Fyi.. ajwright@uab.edu     ... From: Jim Baggett To: Jim@jimreedbooks.com; sala-l@mail.auburn.edu Sent: Fri, 15 Jul 2005 14:07:32
    Message 1 of 1 , Jul 18, 2005
      -----Original Message-----
      From: Jim Baggett <jbaggett@...>
      To: Jim@...; sala-l@...
      Sent: Fri, 15 Jul 2005 14:07:32 -0500
      Subject: Historic Birmingham Newspapers
      July 13, 2005 
      Public Relations Department 
      Birmingham Public Library 
      *Library?s Microfilm Collection Rescued from ?Vinegar Syndrome?* 
      The Birmingham Public Library and the Birmingham News have collaborated
      on a joint project to replace a major portion of the library?s microfilm
      collection of the Birmingham newspapers. This important purchase
      replaces more than 2,000 reels of the library?s damaged and
      deteriorating microfilm for the newspapers from the late 19th century
      into the 1970s. Much of the collection was affected with vinegar
      syndrome, a condition that causes the image on the film to disappear, as
      the film?s chemical compounds breakdown and gives off a vinegar smell.
      This deterioration is irreversible and makes the microf! ilm unreadable.
      It was with absolute urgency that the library sought to rescue this
      critical collection. Everyday, researchers, citizens, media personnel,
      and scholars visit the library to use this microfilm, much of it
      available almost no where else. These researchers will appreciate the
      improved quality and readability of the new film, which otherwise would
      be lost. 
      The Birmingham Public Library collects newspaper microfilm dating back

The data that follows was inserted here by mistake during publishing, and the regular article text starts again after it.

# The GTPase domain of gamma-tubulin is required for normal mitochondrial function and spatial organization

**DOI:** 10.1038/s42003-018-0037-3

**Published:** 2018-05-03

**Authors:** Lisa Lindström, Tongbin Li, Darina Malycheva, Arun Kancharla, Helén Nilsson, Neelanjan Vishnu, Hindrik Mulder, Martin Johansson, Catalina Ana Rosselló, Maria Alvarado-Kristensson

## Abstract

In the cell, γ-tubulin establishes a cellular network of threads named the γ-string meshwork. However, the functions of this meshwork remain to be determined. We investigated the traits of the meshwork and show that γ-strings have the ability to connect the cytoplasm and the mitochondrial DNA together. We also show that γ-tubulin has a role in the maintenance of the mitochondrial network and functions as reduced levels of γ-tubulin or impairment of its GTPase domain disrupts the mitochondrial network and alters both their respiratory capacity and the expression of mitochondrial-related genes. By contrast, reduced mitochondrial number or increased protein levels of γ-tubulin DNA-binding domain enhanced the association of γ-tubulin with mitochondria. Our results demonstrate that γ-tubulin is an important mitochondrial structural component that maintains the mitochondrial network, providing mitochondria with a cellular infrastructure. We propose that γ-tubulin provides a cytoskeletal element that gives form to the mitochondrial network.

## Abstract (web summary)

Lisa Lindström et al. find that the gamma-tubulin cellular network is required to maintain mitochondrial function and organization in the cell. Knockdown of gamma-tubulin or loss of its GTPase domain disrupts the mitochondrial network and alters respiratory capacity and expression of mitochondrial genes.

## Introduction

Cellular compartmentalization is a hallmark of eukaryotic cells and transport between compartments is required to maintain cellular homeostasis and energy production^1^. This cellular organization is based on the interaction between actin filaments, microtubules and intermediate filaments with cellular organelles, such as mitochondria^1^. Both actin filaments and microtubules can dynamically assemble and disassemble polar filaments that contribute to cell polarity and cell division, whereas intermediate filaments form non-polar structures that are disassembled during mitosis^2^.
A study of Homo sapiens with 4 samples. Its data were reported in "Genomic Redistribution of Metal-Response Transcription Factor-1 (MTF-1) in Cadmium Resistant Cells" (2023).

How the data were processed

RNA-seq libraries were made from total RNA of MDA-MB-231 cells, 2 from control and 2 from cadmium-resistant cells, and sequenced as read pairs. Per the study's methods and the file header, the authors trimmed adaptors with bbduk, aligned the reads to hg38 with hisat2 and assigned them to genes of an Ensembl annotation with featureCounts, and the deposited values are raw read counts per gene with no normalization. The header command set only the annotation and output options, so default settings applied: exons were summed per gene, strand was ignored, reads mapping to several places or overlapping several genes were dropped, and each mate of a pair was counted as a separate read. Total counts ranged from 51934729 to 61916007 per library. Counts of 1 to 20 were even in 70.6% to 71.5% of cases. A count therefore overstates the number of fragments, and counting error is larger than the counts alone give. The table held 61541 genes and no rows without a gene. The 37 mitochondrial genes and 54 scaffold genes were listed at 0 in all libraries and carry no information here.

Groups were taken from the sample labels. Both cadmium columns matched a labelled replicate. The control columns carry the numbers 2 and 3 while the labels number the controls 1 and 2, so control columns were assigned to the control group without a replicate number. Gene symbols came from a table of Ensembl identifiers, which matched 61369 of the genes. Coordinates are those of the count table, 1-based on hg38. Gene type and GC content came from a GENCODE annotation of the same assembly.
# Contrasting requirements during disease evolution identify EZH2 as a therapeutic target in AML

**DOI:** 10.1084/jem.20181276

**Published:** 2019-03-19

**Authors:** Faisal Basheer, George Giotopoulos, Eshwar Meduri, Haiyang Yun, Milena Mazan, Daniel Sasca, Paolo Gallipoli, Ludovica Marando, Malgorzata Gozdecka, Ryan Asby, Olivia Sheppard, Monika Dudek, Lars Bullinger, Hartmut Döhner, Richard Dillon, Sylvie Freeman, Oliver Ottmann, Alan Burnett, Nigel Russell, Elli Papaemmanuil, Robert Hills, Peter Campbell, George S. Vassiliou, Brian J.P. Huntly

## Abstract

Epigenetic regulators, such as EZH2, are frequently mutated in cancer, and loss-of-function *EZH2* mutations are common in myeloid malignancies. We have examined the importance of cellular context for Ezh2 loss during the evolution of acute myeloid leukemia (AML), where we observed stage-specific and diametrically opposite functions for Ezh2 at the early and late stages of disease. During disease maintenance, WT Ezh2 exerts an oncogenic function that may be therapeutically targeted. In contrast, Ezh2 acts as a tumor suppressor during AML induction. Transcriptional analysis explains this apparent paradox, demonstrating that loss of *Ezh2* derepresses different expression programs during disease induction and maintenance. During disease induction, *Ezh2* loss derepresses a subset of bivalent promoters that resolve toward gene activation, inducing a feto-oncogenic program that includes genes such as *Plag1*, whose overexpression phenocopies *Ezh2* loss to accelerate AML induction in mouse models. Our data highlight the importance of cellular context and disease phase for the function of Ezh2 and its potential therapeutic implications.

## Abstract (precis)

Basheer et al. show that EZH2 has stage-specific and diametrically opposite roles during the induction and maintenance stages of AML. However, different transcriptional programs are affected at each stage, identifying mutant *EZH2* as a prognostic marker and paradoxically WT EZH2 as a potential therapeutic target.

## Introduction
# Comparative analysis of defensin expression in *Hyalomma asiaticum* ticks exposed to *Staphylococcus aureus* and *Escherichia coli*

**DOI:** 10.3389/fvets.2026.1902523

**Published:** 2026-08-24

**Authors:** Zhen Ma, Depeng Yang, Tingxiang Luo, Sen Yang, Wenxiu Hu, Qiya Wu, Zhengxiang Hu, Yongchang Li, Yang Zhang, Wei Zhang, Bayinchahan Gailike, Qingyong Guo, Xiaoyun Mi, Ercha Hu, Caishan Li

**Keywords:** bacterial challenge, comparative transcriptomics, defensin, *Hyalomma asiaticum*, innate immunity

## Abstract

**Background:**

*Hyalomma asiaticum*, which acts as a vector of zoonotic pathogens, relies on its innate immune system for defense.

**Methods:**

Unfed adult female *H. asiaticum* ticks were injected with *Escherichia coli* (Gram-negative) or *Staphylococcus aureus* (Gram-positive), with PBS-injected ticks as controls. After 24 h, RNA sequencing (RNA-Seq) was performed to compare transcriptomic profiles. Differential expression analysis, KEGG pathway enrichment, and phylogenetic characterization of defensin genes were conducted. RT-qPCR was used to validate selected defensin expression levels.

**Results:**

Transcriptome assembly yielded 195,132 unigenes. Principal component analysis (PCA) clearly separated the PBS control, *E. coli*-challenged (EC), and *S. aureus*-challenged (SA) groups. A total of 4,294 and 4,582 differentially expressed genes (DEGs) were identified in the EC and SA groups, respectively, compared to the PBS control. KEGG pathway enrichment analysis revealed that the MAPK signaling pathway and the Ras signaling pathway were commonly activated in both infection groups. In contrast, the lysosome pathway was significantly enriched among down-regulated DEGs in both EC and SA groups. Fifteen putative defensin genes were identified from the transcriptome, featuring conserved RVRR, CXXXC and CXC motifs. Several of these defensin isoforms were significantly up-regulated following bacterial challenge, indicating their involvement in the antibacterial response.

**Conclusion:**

to the 1750s. The endangered Birmingham News microfilm, a major portion
      of which dates from 1894 to the present, documents the history and daily
      life in Birmingham, from the mining and industrial years through the
      civil rights era and the city?s emergence as a major medical center.
      Each reel of film contains images of complete newspapers including the
      daily news, columns, feature articles, editorials, advertisements,
      sports, and even the comics and movie listings. Front-page stories on
      local reaction to global events are f! ollowed with notices of weddings,
      deaths, and local sports scores. Illustrations and photographs supply
      pictures of the people and events that made the news. The Birmingham
      Public Library is replacing a significant portion of this history,
      through the newspaper microfilm. 
      Barbara Sirmans, Director of the Birmingham Public Library, describes
      this purchase as ?saving an essential asset for the Southern History
      Department and the Department of Archives and Manuscripts where research
      ranges from family history to book research to screenwriting projects.
      We are deeply appreciative to the Birmingham News for helping make this
      project possible.? 
      The library?s complete collection of Alabama newspapers comprises
      approximately 6,600 reels of film housed in the Microforms Room on the
      second floor of the Linn-Henley building of the Central Library complex
      at 2100 Park Place. Additional information is available at 226-3625.